Did you know that there’s a plant in the Namib Desert that relies solely on air moisture for water, yet lives for thousands of years? Or did you know that some toads are so eager to mate, they’ll hump anything that moves, including other males or frogs of a completely different species? Or did you know that the number one cause of mortality in three-toed sloths is climbing down from their leafy perches to poop?
Much as I’d love to keep talking about frog sex or sloth defecation, this is my portfolio website, so I need to tell you about myself. My name is Betsy Ladyzhets. I use she/her pronouns. I’m an independent data journalist on the science and health beat, based in Brooklyn, New York. I run the COVID-19 Data Dispatch, and am open for freelance projects.
I am passionate about using data and a variety of storytelling formats to help readers connect with science and health concepts. To that end, I’ve sought to communicate science where science has not been communicated before. In my previous staff position as a data journalist at Stacker, I launched and managed the publication’s Science & Health vertical, producing unique, data-driven stories about everything from COVID-19 to our warming climate. I additionally increased science coverage at Bwog, a Columbia University student news publication, when I served as its Editor-in-Chief during my time at Barnard College.
Since March 2020, I have been fully immersed in pandemic data. My work on this topic has included founding and running the COVID-19 Data Dispatch, managing COVID-19 coverage at Stacker, and volunteering for the COVID Tracking Project at The Atlantic. As a Shift Lead on the Project’s Data Entry team, I contributed regularly to the core Testing and Outcomes Dataset and the Racial Data Tracker. I also worked on data quality efforts and coauthored widely cited analysis posts on COVID-19 hospitalization data and antigen tests.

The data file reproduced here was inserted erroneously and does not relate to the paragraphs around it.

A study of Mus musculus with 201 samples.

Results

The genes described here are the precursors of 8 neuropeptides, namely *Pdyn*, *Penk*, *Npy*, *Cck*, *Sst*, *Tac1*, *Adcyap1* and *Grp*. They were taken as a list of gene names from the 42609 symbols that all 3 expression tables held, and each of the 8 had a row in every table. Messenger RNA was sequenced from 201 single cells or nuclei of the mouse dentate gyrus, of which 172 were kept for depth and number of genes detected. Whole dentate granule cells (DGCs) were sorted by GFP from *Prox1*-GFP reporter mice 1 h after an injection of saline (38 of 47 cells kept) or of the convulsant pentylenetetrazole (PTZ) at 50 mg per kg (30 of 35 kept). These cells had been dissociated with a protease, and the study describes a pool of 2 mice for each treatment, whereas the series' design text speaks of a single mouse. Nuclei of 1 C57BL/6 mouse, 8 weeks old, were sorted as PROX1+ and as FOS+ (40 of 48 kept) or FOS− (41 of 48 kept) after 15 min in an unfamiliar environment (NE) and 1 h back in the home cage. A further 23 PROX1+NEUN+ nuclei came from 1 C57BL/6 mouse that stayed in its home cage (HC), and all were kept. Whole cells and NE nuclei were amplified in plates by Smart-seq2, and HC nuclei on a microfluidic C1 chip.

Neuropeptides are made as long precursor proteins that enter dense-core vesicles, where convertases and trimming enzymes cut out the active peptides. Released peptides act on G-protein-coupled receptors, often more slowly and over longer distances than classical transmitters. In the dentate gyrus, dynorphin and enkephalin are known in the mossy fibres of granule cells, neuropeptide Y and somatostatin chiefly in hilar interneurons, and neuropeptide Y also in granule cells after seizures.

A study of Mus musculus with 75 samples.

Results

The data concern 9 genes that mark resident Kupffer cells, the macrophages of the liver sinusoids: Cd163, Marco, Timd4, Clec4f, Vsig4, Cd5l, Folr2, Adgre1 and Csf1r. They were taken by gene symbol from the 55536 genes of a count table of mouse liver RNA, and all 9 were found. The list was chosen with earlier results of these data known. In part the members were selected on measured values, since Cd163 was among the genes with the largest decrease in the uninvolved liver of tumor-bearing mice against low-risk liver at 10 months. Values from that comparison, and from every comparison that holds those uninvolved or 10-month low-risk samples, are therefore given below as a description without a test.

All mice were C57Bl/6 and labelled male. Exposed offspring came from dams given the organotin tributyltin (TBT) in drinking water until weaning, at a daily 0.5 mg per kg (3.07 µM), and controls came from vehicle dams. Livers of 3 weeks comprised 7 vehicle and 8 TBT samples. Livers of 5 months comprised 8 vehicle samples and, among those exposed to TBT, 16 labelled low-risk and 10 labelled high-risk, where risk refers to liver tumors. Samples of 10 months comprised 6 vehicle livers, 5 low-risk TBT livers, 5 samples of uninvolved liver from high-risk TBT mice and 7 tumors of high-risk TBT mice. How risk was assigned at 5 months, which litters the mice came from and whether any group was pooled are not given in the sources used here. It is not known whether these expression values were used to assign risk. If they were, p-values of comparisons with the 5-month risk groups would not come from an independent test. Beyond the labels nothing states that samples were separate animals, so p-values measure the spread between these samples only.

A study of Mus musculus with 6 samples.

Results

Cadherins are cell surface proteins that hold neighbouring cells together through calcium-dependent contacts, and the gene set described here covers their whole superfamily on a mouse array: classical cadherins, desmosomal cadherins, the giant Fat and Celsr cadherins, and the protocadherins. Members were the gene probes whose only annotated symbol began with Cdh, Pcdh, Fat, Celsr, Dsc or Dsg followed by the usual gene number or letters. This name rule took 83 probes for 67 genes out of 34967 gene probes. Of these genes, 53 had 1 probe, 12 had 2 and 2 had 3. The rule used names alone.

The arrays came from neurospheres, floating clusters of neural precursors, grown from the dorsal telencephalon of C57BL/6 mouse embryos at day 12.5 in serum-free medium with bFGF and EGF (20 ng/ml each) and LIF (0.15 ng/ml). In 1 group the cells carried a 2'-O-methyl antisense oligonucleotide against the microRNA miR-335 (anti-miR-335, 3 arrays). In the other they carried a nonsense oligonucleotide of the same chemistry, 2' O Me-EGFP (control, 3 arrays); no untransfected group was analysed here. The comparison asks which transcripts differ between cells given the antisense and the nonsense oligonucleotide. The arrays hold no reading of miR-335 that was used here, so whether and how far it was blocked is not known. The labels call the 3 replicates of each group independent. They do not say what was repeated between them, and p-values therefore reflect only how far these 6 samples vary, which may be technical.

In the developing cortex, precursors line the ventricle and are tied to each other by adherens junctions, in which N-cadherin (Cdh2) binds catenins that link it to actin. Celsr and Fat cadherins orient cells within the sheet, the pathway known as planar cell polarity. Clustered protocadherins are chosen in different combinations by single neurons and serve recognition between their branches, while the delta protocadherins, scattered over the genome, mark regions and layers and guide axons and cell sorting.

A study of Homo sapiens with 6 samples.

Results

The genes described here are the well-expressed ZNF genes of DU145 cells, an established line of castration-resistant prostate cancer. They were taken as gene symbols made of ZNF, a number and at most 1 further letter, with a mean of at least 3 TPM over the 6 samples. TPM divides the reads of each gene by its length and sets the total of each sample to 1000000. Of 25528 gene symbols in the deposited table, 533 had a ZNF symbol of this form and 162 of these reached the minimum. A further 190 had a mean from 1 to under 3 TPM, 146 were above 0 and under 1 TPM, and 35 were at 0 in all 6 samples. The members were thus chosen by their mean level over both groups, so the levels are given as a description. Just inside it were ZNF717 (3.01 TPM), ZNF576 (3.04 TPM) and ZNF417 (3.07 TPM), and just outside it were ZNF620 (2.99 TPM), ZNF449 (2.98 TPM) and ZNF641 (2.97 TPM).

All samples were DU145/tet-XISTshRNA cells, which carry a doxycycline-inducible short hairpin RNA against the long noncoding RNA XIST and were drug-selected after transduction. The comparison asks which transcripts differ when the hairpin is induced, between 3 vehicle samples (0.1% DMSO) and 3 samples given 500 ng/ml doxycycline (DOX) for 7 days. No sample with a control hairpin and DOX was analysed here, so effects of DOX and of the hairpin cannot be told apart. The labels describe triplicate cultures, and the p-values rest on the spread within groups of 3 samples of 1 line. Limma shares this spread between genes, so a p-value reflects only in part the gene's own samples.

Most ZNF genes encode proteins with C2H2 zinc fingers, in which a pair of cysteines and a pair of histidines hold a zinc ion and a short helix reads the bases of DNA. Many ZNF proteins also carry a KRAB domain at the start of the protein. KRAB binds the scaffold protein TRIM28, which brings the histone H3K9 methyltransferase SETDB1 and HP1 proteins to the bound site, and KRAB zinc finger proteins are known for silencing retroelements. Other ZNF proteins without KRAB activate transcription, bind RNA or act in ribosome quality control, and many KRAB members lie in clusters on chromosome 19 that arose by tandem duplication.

I founded the COVID-19 Data Dispatch in July 2020 in an attempt to make the wildly complicated world of pandemic data more accessible for my fellow journalists, friends, and family members. The publication quickly grew into a trusted source for COVID-19 news and resources, and I started doing more interviews, analysis, and original reporting. In October, I was accepted into the first cohort of the Entrepreneurial Journalism Creators Program at the Craig Newmark Graduate School of Journalism at the City University of New York; this program provided me with key business skills while pushing me to think big about my project’s potential.
In January 2021, I relaunched the COVID-19 Data Dispatch on the website where it now lives and started a membership program to make the publication more financially sustainable while inviting feedback from engaged readers. I also organized a series of virtual workshops on COVID-19 data, supported with an Idea Grant from the National Association of Science Writers.
I took my biggest leap in April 2021: I left my job at Stacker to pursue freelance projects and work on the COVID-19 Data Dispatch full-time. You can read more about that decision here.
So far, the highlights of my career are running a session on data journalism at the 2020 Science Writers conference and finding out that my Avengers: Infinity War fanfiction helped one reader ace an intro biology exam. Outside of data and writing, most of my neural power is spent overanalyzing movie soundtracks, dreaming of Costco free samples, and wondering when the next G train will arrive.